The modern scientific landscape is littered with self-proclaimed reformers, most of whom are relegated tout de suiteto the "round file," but Wolfram is guaranteed a hearing from science's top echelon. In the past two weeks, his book has received major press attention, from Wiredto The New York Timesto a Newsweekcover story. What sets him apart from the average reformer is his status as a bona fide genius. Publishing his first scientific paper at 15, Wolfram was only 20 when he obtained a Ph.D. from Caltech, where he studied with the legendary Richard Feynman and quickly turned out a series of articles on the foundations of particle physics and cosmology. At 21 he became the youngest person ever to win a MacArthur "Genius" Fellowship and, after a stint on the Caltech faculty, moved on to the Institute of Advanced Study, Einstein's old home.
Wolfram has endeared himself to the scientific community in another way too, as the creator of Mathematica, a brilliant mathematical-modeling software package used by scientists and engineers the world over. Mathematica has made Wolfram a rich man, enabling him to eschew academic life and to forge his own idiosyncratic path through the thickets of human ignorance. For almost 20 years he has been working alone on his revolution, refusing to publish until he had the full picture; continually delayed, the work is finally ready for public inspection.
And the public is ready: Pre-release orders put the book on Amazon's top few hundred for much of the past six months -- occasionally cracking the top 50 -- and within a week of its May 14 publication, the entire 50,000 print run had sold out.
The results of Wolfram's efforts are gargantuan in every way: The primary text alone contains 250,000 words, plus another 250,000 words of notes and almost 1,000 illustrations. A hundred million keystrokes were expended on the enterprise, along with "more than a hundred mouse miles." The research generated 10 gigabytes of storage and hundreds of thousands of pages of notebooks, nearly a million lines of Mathematica code and more than a million billion computer operations. Behind these numbers lies an equally dizzying claim, that science in general, and physics in particular, was founded on a delusion.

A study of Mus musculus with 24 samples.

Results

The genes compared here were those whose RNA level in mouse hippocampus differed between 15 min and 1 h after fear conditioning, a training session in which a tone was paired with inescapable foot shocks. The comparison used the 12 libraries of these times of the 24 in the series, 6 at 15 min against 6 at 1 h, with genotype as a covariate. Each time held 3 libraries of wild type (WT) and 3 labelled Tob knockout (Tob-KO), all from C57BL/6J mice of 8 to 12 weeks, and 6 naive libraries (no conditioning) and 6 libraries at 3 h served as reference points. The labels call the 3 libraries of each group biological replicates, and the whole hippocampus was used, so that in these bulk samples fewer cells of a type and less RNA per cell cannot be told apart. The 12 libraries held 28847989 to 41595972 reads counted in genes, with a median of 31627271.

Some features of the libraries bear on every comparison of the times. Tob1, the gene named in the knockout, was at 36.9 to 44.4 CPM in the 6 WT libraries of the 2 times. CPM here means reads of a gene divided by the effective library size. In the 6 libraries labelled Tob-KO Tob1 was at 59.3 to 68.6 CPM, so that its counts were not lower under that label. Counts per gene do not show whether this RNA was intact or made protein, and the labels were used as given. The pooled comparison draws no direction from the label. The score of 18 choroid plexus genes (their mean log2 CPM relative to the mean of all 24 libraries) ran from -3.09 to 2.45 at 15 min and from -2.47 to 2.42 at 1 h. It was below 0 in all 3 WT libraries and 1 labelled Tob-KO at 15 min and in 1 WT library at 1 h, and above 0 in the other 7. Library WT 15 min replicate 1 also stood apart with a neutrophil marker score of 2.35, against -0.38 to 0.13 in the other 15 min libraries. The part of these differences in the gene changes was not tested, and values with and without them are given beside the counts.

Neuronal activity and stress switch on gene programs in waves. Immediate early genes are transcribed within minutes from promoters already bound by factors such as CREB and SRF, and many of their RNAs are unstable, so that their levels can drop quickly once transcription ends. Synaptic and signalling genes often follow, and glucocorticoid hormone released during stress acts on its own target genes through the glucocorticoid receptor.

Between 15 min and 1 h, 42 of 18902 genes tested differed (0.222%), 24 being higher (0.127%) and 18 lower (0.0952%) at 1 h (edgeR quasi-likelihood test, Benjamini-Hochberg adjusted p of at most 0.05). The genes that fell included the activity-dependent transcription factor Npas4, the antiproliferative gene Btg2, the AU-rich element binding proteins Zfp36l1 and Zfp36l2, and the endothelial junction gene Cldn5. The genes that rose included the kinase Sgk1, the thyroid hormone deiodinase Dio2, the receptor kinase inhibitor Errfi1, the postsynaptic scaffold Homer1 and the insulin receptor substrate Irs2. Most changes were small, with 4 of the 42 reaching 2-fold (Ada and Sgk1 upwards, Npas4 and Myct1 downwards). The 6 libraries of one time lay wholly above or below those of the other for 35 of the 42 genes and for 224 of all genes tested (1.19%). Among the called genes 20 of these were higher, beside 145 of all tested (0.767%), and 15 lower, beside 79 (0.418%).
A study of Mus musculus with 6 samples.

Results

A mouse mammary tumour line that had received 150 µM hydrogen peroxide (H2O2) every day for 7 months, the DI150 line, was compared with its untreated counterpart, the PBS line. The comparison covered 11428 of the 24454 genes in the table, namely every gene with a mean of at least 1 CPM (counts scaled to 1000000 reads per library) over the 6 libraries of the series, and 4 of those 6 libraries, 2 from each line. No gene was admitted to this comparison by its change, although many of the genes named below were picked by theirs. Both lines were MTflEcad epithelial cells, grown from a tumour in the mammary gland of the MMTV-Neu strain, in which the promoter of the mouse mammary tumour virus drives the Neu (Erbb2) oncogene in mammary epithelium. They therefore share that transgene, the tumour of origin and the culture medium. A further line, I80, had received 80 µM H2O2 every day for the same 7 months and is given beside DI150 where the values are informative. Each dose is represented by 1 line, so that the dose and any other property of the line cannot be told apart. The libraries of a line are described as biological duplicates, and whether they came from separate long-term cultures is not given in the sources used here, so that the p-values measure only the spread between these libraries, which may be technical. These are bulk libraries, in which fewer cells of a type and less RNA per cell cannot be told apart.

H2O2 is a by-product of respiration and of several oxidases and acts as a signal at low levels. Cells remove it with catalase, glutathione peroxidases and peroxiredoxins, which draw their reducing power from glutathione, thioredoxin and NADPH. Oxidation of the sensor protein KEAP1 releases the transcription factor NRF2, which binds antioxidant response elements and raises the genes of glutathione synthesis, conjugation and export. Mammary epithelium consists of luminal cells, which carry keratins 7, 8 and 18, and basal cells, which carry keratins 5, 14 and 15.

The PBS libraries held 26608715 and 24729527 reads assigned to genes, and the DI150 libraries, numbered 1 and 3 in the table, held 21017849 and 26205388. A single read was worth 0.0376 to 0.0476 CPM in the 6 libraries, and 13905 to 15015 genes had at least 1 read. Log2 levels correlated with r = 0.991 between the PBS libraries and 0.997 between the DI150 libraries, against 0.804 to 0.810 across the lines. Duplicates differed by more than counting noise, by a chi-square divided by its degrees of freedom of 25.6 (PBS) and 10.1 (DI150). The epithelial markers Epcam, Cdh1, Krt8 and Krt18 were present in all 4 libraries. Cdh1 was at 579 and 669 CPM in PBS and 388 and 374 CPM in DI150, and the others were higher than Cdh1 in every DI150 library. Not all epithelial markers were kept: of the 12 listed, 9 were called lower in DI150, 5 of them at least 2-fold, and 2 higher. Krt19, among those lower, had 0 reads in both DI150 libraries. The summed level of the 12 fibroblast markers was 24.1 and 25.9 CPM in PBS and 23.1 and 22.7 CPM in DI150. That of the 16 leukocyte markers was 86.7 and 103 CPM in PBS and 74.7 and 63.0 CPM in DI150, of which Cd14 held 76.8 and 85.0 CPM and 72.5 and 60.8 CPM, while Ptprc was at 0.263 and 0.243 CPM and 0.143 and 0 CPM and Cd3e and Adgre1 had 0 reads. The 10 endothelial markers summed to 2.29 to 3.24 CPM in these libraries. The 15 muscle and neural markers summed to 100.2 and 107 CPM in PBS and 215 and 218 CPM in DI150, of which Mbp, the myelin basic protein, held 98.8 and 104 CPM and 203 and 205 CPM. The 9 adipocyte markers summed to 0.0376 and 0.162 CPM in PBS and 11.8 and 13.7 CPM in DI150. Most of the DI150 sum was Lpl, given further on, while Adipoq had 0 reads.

Perhaps the primary innovation of the scientific revolution was the idea that nature could be described by mathematical equations -- Newton's law of gravity standing as the archetypal example. From the subatomic to the intergalactic, equations are the lingua franca of physics and, increasingly, of many other sciences also. Economics, for one, is becoming virtually a branch of applied mathematics -- John Nash's Nobel was no fluke. So powerful a grip have equations exercised on the scientific imagination, physicists today dream of an "ultimate equation" that would encompass the whole of physical reality. Yet, according to Wolfram, this entire enterprise is fundamentally flawed --equations, he says, can never be the basis for deep insight into nature's workings. In their place he proposes simple computer programs called cellular automata.
Such programs are highly visual -- the output of a cellular automaton looks a bit like a checkerboard on acid. The basic layout is a grid of squares in which the color of each square (just black or white in most of the examples Wolfram considers) is determined by a simple set of rules. One such rule might be that if a square is surrounded by all white squares, then its color should become black, or if the square has a black square above it, then it should become white. The process of studying a cellular automaton involves choosing a particular set of rules, setting up an initial (usually minimal) arrangement for the starting grid, then letting a computer rip. At each "tick" of an internal clock the computer updates the color of every square according to the rules, thus creating a new grid arrangement, which in turn is further updated, and so on ad infinitum -- or until the operator gets bored out of his mind.
This may not sound like a promising setup -- and indeed most scientists assumed nothing interesting could come out of such simple systems -- but in the early 1980s Wolfram made a surprising discovery. He found that even with extremely simple rules, cellular automata could give rise to incredibly complex behavior; over time, sophisticated patterns could emerge, some of which seemed to mimic patterns found in biological systems. Many might have dismissed this as an interesting quirk, but for Wolfram it became a beacon, a sliver of light pointing toward a hitherto unexpected computational continent. He set himself the mission of exploring this land, which to his surprise turned out to be inhabited by a profuse variety of "creatures."